Sunday, September 2, 2001
Steamboat Springs Leukemia is a type of cancer that starts in the bone marrow the soft inner core of bones and in most cases quickly moves into the blood, where it spreads to many other organ systems. This cancer of the white blood cells takes its name from the Greek words "leukos" meaning white and "halma" meaning blood. It was discovered in the 19th century when European doctors observed under a microscope unusually high numbers of white cells in the blood of their patients.
There are four major types of leukemia and several subtypes. Acute leukemia grows rapidly, while chronic leukemia is a slowly growing disease.
Of an estimated 31,500 newly diagnosed cases of leukemia in the United States this year, there will be an equal number of acute and chronic forms of the disease.
Ten times as many adults as children are diagnosed with leukemia.
Nevertheless, it is the most common cancer among children and adolescents.
Acute lymphocytic leukemia accounts for 80 percent of childhood cases while acute myelogenous leukemia is more common in adults. Leukemia is more common among males than females and incidence is highest among Caucasians.
The bone marrow is made up of blood-forming cells and supporting tissues. These aid in the development of immature cells that eventually become red cells, white cells and platelets. Acute leukemia causes a rapid accumulation of the immature cells. A single cell may develop abnormally, become malignant and multiply continuously, crowding out the cells that make normal blood cells. The accumulation of the abnormal cells interferes with the body's ability to protect itself against infections, anemia and bleeding.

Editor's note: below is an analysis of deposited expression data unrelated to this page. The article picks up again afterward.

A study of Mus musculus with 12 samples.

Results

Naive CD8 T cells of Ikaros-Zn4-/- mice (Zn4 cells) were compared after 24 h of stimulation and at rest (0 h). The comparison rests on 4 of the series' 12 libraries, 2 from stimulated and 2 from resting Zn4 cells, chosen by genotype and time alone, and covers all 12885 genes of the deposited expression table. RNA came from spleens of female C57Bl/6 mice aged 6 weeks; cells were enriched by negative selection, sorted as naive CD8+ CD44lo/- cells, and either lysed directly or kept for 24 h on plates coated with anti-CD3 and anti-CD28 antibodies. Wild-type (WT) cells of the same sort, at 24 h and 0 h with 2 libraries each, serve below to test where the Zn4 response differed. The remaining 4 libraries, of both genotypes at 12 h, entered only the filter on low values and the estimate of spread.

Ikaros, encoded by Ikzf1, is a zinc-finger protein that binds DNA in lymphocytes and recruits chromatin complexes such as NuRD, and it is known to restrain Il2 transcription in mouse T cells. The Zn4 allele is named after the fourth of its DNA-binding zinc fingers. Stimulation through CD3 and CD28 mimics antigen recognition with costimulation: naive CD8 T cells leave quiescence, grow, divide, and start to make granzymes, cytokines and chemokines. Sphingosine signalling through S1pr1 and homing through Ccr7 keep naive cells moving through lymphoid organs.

Chronic leukemia progresses slowly and permits the growth of greater numbers of more developed cells that are not completely normal. These cells live much longer than normal cells.
The cause of leukemia is unknown. Scientists suspect that viral, genetic, environmental and/or immunologic factors may be involved.
Symptoms of acute leukemia include easy bruising or bleeding, paleness, fatigue, recurrent minor infections or poor healing of minor cuts.
Discomfort in the bones and joints may occur; lymph nodes may become enlarged. There may be headaches and vomiting. Some people with chronic leukemia may not have major symptoms. Often the disease is discovered when a routine complete blood count is performed.
Currently, the most effective treatment for leukemia is chemotherapy. Biological and radiotherapy are used on some forms of leukemia. Bone marrow transplantation was introduced 30 years ago. In more recent times, stem cell transplantation of immature cells has become an accepted treatment for cancer, using the patient's or a donor's blood.
Transplantation of cord blood (umbilical and placental) after childbirth has provided a source of stem cells for transplantation, especially for children. The Community Health Resource Center within the Yampa Valley Medical Center maintains a current directory of hospitals that perform transplants.
Leukemia treatment research is prolific and promising. A new drug called Gleevec, developed by Novartis Pharmaceuticals, has had remarkable results. Gleevec acts like a magic bullet, targeting only cancer cells and leaving most of the healthy cells alone.
To date the drug has been approved to treat chronic myeloid leukemia, which strikes about 4,700 people each year. A typical cancer-therapy drug can take from three to five years for approval from the Food and Drug Administration. Gleevec was approved in less than three months, the fastest time in FDA history.
Nancy S. Bretz is coordinator of the Community Health Resource Center at Yampa Valley Medical Center.